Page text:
Provide a reflection of at least 500 words (or 2 pages double spaced) of how the knowledge, skills, or theories of this course(Cryptography) have been applied, or could be applied, in a practical manner to the current work environment.
If you are not currently working, share times when you have or could observe these theories and knowledge could be applied to an employment opportunity in your field of study.
- Provide a 500 word (or 2 pages double spaced) minimum reflection.
- Use of proper APA formatting and citations. If supporting evidence from outside resources is used those must be properly cited.
- Share a personal connection that identifies specific knowledge and theories from this course(Cryptography).
- Demonstrate a connection to your current work environment. If you are not employed, demonstrate a connection to your desired work environment.
- You should not provide an overview of the assignments assigned in the course(Cryptography). The assignment asks that you reflect how the knowledge and skills obtained through meeting course objectives were applied or could be applied in the workplace.
Cryptography Practical Connection
In today’s age of technological innovation, the job market is flooded with more and more positions demanding employees’ high-level skillsets. Unfortunately, many companies are unable to find qualified applicants to fill these vacancies.
As a result of this high demand for specialized skills and low availability in qualified applicants, there is a growing number of jobs that require an employee to have knowledge and understanding in the field of cryptography.
Cryptography is a subset of information and computer security that focuses on how to keep information secret.
The field has evolved into two main areas: the study of how to keep information secret, and the study of how to break others’ secrecy.
I will focus on the study of keeping things secret; my knowledge, skills, and theories of cryptography have been applied in many ways through my current work environment.
Cryptography is used extensively today in virtually all aspects of our lives, as well as in business and government.
We can trust over 96% of the information we receive is unencrypted because it is encrypted by default.
However, as cryptography becomes more widely adopted and continues to advance, so do the methods according to which someone can break the security of this information.
In my current position as a compliance officer at one of
central California’s largest healthcare systems, I am responsible for managing risk and security in various technologies that are vital to a hospital’s ability to provide care.
Due to the sensitive nature of the information that is shared across these networks, the security of this data must be assured.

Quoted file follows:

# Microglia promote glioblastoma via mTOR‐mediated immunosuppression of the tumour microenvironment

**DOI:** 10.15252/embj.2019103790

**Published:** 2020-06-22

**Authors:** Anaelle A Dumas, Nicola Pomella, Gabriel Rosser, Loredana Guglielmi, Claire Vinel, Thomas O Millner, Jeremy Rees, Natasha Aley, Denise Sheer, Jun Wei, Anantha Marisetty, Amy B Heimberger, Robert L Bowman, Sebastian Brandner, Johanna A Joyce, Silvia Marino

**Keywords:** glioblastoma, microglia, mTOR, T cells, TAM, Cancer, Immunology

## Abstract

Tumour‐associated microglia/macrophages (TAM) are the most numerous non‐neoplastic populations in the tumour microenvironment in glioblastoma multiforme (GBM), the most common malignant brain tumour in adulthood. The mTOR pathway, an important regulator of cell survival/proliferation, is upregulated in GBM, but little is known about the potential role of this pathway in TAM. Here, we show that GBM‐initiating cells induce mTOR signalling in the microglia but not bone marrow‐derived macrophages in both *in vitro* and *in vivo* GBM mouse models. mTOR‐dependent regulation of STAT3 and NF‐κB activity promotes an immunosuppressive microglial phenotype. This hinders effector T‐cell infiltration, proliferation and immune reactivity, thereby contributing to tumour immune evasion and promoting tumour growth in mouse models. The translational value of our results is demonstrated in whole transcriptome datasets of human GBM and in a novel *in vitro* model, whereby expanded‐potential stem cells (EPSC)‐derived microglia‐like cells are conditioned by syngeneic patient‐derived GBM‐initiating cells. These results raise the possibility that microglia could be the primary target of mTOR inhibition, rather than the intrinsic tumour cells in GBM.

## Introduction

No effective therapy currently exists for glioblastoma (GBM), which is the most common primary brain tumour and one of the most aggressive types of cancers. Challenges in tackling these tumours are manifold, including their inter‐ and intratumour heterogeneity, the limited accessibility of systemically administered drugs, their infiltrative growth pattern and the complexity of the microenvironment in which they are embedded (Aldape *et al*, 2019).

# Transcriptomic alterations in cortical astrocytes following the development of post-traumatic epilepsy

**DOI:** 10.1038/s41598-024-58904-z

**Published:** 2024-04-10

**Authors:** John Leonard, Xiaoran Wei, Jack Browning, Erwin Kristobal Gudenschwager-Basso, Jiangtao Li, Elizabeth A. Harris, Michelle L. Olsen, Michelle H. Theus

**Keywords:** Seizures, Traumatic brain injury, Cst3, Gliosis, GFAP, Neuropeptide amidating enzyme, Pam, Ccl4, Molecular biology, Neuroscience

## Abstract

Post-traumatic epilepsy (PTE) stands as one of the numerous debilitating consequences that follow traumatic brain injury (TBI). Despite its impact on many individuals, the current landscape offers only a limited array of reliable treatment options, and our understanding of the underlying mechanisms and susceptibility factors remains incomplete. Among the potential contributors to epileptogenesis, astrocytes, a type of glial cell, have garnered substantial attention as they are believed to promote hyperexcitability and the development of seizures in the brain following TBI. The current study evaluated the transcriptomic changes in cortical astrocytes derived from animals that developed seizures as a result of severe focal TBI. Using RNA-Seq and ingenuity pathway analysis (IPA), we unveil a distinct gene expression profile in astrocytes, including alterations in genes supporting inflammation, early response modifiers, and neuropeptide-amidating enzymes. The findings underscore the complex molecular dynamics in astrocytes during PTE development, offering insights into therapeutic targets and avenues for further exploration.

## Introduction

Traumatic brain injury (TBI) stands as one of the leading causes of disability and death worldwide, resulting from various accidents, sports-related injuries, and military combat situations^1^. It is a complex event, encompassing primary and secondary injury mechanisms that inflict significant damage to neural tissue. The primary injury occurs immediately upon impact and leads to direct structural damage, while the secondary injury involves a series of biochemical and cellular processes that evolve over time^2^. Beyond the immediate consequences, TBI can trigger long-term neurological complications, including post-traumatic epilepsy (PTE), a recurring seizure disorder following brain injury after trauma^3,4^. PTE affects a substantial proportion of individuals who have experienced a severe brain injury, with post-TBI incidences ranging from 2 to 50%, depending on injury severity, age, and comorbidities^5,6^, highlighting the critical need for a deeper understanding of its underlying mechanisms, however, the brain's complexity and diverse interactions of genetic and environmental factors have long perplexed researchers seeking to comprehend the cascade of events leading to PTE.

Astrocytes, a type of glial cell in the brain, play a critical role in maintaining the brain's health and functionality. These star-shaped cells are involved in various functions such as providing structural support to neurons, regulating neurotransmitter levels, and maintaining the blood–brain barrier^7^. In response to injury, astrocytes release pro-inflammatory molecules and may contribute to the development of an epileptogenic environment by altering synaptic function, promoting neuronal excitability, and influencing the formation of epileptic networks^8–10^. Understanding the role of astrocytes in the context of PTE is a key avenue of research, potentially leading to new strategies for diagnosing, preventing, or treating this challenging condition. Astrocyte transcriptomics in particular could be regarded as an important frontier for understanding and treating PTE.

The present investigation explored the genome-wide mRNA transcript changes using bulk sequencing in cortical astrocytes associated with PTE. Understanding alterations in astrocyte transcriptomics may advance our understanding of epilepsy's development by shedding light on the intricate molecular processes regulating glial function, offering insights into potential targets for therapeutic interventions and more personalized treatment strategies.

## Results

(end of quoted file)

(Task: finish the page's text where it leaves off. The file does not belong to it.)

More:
This can only be accomplished through strong encryption methods.
Most often, encryption is used in a very straightforward way.
For example, an application will request a digital certificate from a root authority and then use that certificate to encrypt its data.
The underlying infrastructure may also encrypt its data at rest using a complex key management system, so gaining access to the encrypted data is more difficult than just encrypting with some simple scheme.
However, with the industry’s increasing reliance on encryption, there is a growing need to have more complex and regular processes for managing encryption.
This pressure has caused development of strong encryption schemes to come at the cost of usability.
This problem is being addressed by researchers and companies whose mission is to improve the usability of these complex encryption schemes without compromising their strength.
These companies, such as PGP Corporation, are working to make encryption usable by ordinary people.
They have developed software that can allow users to generate and use the digital encryption keys necessary for secure communication.
However, there are some drawbacks to this type of encryption.
There is a trade-off between privacy and usability.
Privacy is obtained at the expense of usability because complex encryption schemes can become very difficult for users to setup and use effectively, especially in light of today’s rapidly changing online environment.
There are also some drawbacks to mixing cryptography and electronic health records (EHR), which are the digital records of a patient’s health and clinical history created by a health provider.
A paper from the University of Chicago, called “A Feasibility Study of EHR Encryption,” aimed to improve on these drawbacks by implementing encryption/decryption schemes in an EHR system.
The study examined how this could be achieved in practice through implementation and use of several electronic health record systems.
The researchers concluded that cryptography could be used to improve the privacy and security of EHRs.
The study found that encryption still has room for improvement and there is much room for future growth.
Barenghi, A., Breveglieri, L., Koren, I., & Naccache, D. (2012). Fault injection attacks on cryptographic devices: Theory, practice, and countermeasures. Proceedings of the IEEE, 100(11), 3056-3076.
Diffie, W., & Hellman, M. E. (2022). New directions in cryptography. In Democratizing Cryptography: The Work of Whitfield Diffie and Martin Hellman (pp. 365-390).